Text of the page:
Brian Montopoli: You produced one of the more popular YouTube videos in recent memory – John Blackstone's demonstration of the iPhone. And you do a lot of Silicon Valley stuff. What do you think of the media coverage of the iPhone so far? If I was Apple I'd be fairly happy with the coverage thus far, although I guess you could argue that the product deserves the hype.
Whether it's been by design, or whether it's been just a production kink, we have not been able to handle the phones, to use the phones.
Brian Montopoli: Has that been frustrating?
George Osterkamp: Extremely. Extremely.
Brian Montopoli: How has it affected the coverage?
George Osterkamp: Well, I think the coverage isn't as critical as it will be when we're actually able to use it. Although I would say Apple has been very pleased with the coverage so far, the phones will have to merit that coverage to continue to get praise. Apple's on a big limb. They've created a lot of interest. That'll either be sustained by the success of the phone, or the interest will take a much different direction if the phones don't work.
Brian Montopoli: You've done a lot of work overseas, including in China. Can you talk to me about the different levels of freedom you've had in different countries, and specifically in China?
George Osterkamp: I really like working overseas. I love to see the contrast. It's been the best thing about my time at CBS News -- the plane ticket to interesting countries. In some countries they're able and interested in controlling what you say a good deal more than in this country.
China is getting more and more free…you know, the censorship – it probably wouldn't even be fair to call it censorship. But in China they are definitely interested in what you report, and if you want access, which is something journalists always need, you normally have to get permission from the authorities to travel around China and to interview people in China.
It's not the tightest place I've been. I have to say – I was in Vietnam, on the 25th anniversary of the war, and it's the only time I've been arrested working for CBS News. And I was arrested for interviewing a poet. It was a dissident poet in Hanoi. And she was not a person the government thought should be interviewed.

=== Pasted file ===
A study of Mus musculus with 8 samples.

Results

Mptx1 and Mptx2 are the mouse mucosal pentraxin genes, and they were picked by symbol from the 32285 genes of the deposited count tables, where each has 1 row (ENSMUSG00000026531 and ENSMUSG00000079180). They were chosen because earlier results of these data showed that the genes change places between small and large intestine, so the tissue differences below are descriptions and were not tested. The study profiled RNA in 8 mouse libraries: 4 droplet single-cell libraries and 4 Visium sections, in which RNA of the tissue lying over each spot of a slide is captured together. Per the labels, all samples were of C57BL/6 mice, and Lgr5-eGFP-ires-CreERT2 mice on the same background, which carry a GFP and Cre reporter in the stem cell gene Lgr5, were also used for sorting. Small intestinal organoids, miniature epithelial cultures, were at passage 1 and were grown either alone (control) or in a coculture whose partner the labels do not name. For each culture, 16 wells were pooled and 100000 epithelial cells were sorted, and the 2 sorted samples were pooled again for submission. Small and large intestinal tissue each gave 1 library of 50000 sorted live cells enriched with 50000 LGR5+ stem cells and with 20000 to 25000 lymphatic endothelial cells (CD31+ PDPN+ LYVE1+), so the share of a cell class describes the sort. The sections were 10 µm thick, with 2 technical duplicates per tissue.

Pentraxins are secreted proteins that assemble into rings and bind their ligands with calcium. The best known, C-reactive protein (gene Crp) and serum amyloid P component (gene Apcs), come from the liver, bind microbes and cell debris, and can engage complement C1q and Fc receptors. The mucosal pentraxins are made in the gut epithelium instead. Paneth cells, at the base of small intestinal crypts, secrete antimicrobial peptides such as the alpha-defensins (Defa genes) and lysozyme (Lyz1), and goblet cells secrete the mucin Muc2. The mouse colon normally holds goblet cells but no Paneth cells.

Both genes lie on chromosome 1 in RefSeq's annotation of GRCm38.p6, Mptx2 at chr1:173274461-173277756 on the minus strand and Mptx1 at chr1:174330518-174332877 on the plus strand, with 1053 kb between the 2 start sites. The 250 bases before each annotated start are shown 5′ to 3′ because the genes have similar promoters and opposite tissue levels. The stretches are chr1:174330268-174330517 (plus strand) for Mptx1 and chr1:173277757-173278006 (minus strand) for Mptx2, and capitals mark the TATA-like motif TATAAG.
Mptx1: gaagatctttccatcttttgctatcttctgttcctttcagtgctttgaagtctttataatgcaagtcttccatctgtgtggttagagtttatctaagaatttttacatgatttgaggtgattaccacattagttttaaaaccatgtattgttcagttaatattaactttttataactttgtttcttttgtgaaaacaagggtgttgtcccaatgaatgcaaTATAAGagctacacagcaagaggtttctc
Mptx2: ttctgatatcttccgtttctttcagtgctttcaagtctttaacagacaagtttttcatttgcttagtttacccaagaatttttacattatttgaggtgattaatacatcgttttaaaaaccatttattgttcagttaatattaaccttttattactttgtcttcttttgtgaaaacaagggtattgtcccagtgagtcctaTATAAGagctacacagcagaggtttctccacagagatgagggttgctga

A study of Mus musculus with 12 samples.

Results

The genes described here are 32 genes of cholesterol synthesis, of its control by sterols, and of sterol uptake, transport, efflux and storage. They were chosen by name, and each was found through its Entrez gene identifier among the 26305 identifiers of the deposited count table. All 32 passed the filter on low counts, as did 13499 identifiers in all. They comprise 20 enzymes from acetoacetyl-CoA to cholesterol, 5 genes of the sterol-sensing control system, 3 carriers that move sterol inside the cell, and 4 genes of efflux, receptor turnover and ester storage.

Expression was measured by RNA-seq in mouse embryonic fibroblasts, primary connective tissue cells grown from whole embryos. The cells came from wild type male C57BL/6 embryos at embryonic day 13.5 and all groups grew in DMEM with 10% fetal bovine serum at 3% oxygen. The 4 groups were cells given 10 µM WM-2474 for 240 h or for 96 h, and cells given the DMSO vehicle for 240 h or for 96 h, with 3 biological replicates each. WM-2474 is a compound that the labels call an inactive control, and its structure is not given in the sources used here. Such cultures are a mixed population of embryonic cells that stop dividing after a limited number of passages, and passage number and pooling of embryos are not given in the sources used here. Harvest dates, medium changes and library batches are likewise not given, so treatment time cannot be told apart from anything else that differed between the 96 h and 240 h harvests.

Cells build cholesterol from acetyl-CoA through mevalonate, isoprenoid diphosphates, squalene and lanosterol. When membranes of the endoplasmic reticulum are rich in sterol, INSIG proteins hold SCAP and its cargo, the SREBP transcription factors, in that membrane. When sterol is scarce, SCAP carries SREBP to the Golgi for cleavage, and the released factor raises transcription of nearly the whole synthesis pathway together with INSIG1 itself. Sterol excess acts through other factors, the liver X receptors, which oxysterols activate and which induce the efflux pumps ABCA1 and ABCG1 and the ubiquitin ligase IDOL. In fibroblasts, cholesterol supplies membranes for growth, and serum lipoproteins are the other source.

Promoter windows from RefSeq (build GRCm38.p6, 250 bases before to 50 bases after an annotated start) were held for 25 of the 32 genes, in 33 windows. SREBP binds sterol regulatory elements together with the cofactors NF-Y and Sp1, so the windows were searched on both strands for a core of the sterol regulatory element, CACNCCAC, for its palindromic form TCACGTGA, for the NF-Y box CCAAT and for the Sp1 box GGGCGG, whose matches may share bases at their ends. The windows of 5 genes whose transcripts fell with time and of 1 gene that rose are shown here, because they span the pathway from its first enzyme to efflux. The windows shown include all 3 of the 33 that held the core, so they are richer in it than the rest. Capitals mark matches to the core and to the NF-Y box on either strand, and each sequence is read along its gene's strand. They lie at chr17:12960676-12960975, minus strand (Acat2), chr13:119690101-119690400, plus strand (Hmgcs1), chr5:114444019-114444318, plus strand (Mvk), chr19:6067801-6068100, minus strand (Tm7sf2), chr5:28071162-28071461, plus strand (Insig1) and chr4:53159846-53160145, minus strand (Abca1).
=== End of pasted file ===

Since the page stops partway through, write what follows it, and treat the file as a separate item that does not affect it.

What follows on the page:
Brian Montopoli: And so what happened when you were arrested?
George Osterkamp: Well, we were talking to her in a café, and a carful of plain-clothed police came up, and they took my crew and myself into custody. We were questioned for a few hours and then we were released.
Brian Montopoli: Were you frightened? When they were questioning you, what were they asking?
George Osterkamp: They were saying, "Why did you interview this person?" They were saying, "What did you intend to do by interviewing this person?" And yes, it was frightening. You know, they didn't threaten, they didn't put us in rooms with bars, but we were clearly in their control. Far from home, not able to call the embassy or anybody else for help, quite totally at their mercy. It was unnerving.
I have to say my crew, which was based in Beijing and had been arrested many times, was much more calm about it than I was. And in the end what the authorities wanted was an admission from us – and that's how they put it – "Do you admit that you interviewed this poet, who you had no advance permission to interview, against the laws of Vietnam?"
Brian Montopoli: And you admitted as much?
George Osterkamp: I admitted as much.
Brian Montopoli: You told me earlier today about your favorite story, when we talked briefly. And that involved South Africa's election. And I was hoping you could tell me a little bit about why that was your favorite story.
George Osterkamp: Well I loved being in South Africa at the time of their first election because it was such a – as opposed to so many stories we do, which are about tragedy or misery, this was a terrifically happy story. A story of South Africa's emergence from apartheid rule to democracy. I was there for the election, and I remember on election day, interviewing people who were standing in long lines waiting to vote. And some of these people were grandparents – people in their '60s and '70s who had never cast a vote in their lives. And they were going to cast their first vote. And the excitement, and the thrill of being able to vote for Nelson Mandela, to be able to vote for one of their countrymen – it was just wonderful to behold. It was hard to do that story without welling up in tears occasionally, thinking what democracy meant.